Teiakwanahstahsontéhrha’ (We Extend the Rafters) is the latest exhibition at Dawson City’s ODD Gallery, located at the southwest corner of the KIAC Building (or Dënäkär Zho). Billed as an exhibit for children ages 5 to 11, the machina animation style movie is projected on the east wall at the far end of a metal frame structure which mimics the look of an Iroquois (Haudenosaunee) style longhouse.
The animation was produced by Montreal-based artist Skawennati, using the virtual reality platform Second Life, and is used to tell a story that reaches into the dim past and ends up in the year 3025.
The story is called The Peacemaker Returns. It begins with the legend of Tekanawí:ta, the man whose power to persuade others to find peace amongst themselves led to the establishment of the Iroquois Confederacy.
His message of peace emphasized the common culture of all the tribes. It suggested extending the rafters of the longhouse structure as a metaphor to embrace all the related peoples, including one led by a man who was a cannibal and another led by a ferocious warrior.
Tekanawí:ta travelled the length and breadth of the land in a magic flying stone canoe, taking his message that all can live in harmony by simply extending the longhouse and following his three tenets of respect, unity and peace.
Following the unification of the tribes, symbolized by the creation of a special wampum belt, the Peacemaker departed in his flying canoe, promising to return if ever he was needed.
There followed two centuries of peace, which was disrupted by the arrival of Jacques Cartier and other Europeans who, by conquest and enforced assimilation, broke down the ways of the indigenous people, who fell on hard times.
When the Peacemaker did return, after a special summoning ceremony, several centuries later, it was in the form of a baby girl, Kahehtéhshon, whose gift of dreaming enabled her to reveal the past to others and show them a way to make things better again. Inspired by her message, the world slowly recovered.
It was not without a struggle. She made extensive use of social media. There was a journalist who spread alternative facts, who had to be converted to her way of thinking. There was the orange-skinned man in the White House “who loved money and his own voice more than anything.” Offering him her massive twitter following as an inducement, she persuaded him to behave properly and lead reforms.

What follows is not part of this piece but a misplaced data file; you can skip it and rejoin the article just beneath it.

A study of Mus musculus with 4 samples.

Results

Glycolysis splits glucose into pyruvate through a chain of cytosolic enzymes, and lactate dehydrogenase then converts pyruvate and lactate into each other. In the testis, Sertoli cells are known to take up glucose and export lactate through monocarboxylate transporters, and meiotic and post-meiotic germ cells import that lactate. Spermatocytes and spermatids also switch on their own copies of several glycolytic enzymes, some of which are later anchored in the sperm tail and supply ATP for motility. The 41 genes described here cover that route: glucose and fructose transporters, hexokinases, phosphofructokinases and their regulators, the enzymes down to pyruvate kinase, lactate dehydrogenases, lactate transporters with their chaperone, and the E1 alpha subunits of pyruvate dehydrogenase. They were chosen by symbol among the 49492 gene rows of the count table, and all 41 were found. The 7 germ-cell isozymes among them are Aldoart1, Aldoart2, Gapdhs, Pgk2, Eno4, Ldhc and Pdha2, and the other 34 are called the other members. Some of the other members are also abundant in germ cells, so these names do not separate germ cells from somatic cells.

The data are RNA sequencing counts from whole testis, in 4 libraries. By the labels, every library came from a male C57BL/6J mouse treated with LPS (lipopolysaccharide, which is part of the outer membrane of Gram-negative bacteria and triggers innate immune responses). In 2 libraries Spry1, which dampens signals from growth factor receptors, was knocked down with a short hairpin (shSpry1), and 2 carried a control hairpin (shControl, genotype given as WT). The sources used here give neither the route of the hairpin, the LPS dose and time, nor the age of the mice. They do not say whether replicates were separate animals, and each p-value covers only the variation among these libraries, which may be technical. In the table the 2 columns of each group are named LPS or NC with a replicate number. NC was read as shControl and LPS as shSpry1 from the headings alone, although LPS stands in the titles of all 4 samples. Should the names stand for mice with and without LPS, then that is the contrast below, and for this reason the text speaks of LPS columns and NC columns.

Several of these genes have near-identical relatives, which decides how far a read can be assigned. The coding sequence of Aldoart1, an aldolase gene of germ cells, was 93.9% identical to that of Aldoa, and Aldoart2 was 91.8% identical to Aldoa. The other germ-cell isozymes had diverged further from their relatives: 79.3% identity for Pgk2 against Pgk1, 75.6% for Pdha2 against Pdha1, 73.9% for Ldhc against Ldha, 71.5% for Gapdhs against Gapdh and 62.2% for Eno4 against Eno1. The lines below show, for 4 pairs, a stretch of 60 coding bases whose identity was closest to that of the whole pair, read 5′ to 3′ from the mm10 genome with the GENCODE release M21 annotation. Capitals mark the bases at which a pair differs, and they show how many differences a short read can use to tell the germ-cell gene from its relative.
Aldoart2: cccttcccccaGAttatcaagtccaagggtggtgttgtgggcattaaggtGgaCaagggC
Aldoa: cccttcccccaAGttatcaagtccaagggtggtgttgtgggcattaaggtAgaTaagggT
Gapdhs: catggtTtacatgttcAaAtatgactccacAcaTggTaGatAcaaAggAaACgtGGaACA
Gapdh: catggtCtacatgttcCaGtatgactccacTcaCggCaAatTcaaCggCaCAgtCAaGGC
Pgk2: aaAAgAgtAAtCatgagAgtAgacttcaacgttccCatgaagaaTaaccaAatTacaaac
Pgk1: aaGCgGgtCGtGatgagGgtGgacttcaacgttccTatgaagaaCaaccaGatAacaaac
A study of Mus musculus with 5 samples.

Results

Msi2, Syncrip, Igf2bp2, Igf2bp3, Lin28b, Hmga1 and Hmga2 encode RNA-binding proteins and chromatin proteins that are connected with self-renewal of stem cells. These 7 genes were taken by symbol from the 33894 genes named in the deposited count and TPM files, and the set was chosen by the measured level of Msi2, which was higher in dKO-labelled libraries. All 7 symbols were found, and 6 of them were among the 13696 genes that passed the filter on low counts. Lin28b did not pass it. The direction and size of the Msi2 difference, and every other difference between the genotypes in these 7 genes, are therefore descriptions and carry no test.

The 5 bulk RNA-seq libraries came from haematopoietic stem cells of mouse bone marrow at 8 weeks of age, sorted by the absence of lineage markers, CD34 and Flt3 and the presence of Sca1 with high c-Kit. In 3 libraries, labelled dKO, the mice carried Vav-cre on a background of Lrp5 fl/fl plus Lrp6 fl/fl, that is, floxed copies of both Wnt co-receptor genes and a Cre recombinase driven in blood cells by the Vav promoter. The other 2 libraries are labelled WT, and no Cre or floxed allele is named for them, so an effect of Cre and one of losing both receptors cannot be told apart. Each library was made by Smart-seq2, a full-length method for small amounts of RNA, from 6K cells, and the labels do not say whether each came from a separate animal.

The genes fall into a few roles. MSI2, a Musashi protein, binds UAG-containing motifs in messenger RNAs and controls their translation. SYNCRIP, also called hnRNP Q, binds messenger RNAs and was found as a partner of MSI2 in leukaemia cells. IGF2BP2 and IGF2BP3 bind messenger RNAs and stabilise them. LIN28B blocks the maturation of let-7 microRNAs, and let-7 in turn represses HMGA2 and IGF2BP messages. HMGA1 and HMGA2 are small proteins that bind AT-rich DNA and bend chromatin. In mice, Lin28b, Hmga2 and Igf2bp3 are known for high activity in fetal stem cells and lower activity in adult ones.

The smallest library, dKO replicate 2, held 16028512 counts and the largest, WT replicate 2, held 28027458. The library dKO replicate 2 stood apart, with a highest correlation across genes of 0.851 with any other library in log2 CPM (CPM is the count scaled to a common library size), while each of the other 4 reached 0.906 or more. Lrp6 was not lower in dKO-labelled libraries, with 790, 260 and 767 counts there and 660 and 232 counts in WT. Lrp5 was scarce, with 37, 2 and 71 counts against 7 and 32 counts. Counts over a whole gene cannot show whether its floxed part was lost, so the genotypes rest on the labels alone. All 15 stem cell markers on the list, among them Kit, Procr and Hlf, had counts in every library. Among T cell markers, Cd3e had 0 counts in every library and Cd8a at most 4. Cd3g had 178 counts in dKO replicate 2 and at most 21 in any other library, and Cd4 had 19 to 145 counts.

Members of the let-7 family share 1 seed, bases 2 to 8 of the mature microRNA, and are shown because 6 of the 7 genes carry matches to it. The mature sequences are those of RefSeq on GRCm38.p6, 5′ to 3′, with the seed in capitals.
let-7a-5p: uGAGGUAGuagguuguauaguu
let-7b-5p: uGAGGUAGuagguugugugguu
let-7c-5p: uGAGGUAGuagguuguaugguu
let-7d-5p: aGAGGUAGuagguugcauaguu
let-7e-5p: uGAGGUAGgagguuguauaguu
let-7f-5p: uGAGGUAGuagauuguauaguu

This is all history, for Iotetshèn:’en, speaking from the future, reveals the theme of her current quest in a shorter trilingual video at the entrance to the gallery: “Words before all else. We bring our minds together as one, as we give thanks for the people, Now our minds are one”
The main animation sets the stage of the 20 minute presentation.
“My name is Iotetshèn:’en, and I live on Earth—usually. Our planet is united under the Great Law of Peace. Each nation, large or small, uses the single form of government.”
It is based on the teachings of Tekanawí:ta, to which Iotetshèn:’en has added a fourth rule: love.
As the narrator continues her story, we are told what has led to this interstellar voyage of peace.
“Earth has been attacked by more than one visitor from outer space, and our harmonious way of life is being threatened. So for now, my home is this spaceship. We are travelling to the first meeting of the five nearest, friendliest planets in our galaxy. The goal of our mission is to create a union that will protect us from attacks and also help us share our very different knowledges. I have been invited on this historic voyage because I have a special power.”
This is her version of the dreaming gift, which has made her even more persuasive a diplomat than Tekanawí:ta had been centuries earlier.
Skawennati was born in Kahnawà:ke Mohawk Territory and belongs to the Turtle clan. She holds a BFA from Concordia University. Her work has been presented in New Zealand, Hawaii, Ireland and across North America in major exhibitions.
This exhibition opened on Dec. 22, 2020 and ran until Feb. 26, 2021.